I cannot say when it was I first worked out I was in love with being terrified. My parents would tell you that as a child an episode of the old Goosebumps TV series scared me so bad I woke up screaming for 3 nights that week…. I was subsequently banned from watching scary things as a kid. My next strong recollection of being scared through creative media came with the VHS release of ‘The Matrix’; My parents rented a copy and forbade me to watch it with them, I was 10 so this seemed the largest of injustices. I snuck a view from the hallways secretly as Agent Smith removed Neo’s mouth – and I was done, no more movie for me.
But I cannot recall when things changed and I released that Horror excited and enthralled me. I began seeking out classic films in the genre and reading creepy pasta and watching YouTube clips about serial killers. I began enjoying the heart pounding terror induced by a well crafted scare. I fell in love with the feeling of empowerment in overcoming the oppressive atmosphere of dis-empowerment this media sought to create. Somewhere in this transition I found one of my all time inspirations – Howard Phillip Lovecraft.
Lovecraft is perhaps most famous for his seminal work ‘The Call of Cthulhu‘ and this was certainly the way I found him. I like to read about and explore the media I experience and so one of the director’s interviews or another referenced this as an inspiration and I went searching for it. What I found hooked me deep. The anachronistic style of Lovecraft and the themes of thirst for knowledge and the limitations of humanity revved my engine immensely. I began to read his collected works – Fortunately they are in the common domain so they are freely available online. It was in this initial foray into Lovecraft that I discovered the most singularly affecting story I have ever read – The Colour Out Of Space.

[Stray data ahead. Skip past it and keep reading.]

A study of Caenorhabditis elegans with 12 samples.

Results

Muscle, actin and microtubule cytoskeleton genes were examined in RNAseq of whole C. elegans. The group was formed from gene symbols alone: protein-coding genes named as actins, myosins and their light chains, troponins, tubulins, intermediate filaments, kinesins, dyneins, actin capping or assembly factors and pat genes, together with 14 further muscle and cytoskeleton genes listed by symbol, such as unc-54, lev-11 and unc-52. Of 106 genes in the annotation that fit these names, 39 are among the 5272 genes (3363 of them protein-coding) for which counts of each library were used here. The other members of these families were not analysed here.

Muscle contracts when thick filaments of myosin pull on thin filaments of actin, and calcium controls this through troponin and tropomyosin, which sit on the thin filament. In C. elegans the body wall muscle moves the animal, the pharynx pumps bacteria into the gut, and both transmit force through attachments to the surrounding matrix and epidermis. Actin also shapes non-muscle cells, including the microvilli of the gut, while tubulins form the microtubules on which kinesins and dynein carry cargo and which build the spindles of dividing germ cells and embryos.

I won’t go into great detail about the plot here, the story is very short and you can rip through it in about 30 minutes, what I want to discuss is the perfect way in which this story manages to capture the fear of the unknown and unknowable.
It is common knowledge among horror movie fans that the more you see of a creature the less scary it becomes – your imagination is always far more capable of scaring you than any prosthesis or CGI is. This story has at its core a monster that you cannot see – ever. Not because it is invisible or intangible in a ghostly manner, but because it is a colour. The monster that incites dread terror and all sorts of horrific occurance is just light reflecting off a surface in a way that humans are not built to experience.
Throughout the course of the story horrible things happen to those who come into contact with the colour – they all remark upon the oddity of the colour and the things it affects but none of them seem to understand the danger – until it is too late. This is one of the things this story does so remarkably right for me. The fear, the horror is something so banal we take it for granted, we cannot possibly understand a colour as being responsible for horror because it is ‘just’ a colour. This is one of the most perfect examples of fear being embodied in something that is purely the construct of the viewer – purely a personal fantasy.
Lovecraft is famous for constructing tales of things that we simply cannot comprehend and this story, I think, is the pinnacle of that tradition. There are other stories with more profoundly unsettling imagery or more vividly constructed creatures – even with more oppressive atmospheres. This story however shows Lovecraft’s true genius at constructing a fear so beyond our scope that we cannot see it even when it is right in front of us. Lovecraft constructed true terror in something so alien in its mundanity that it cannot be understood let alone combated.
It still makes my head spin to this day thinking about the way this story first affected me as a younger man – I couldn’t walk alone at night for a week. So i do implore you, if this piece has interested you in slightest, take a read. Who knows, maybe you’ll experience your own version of my terror.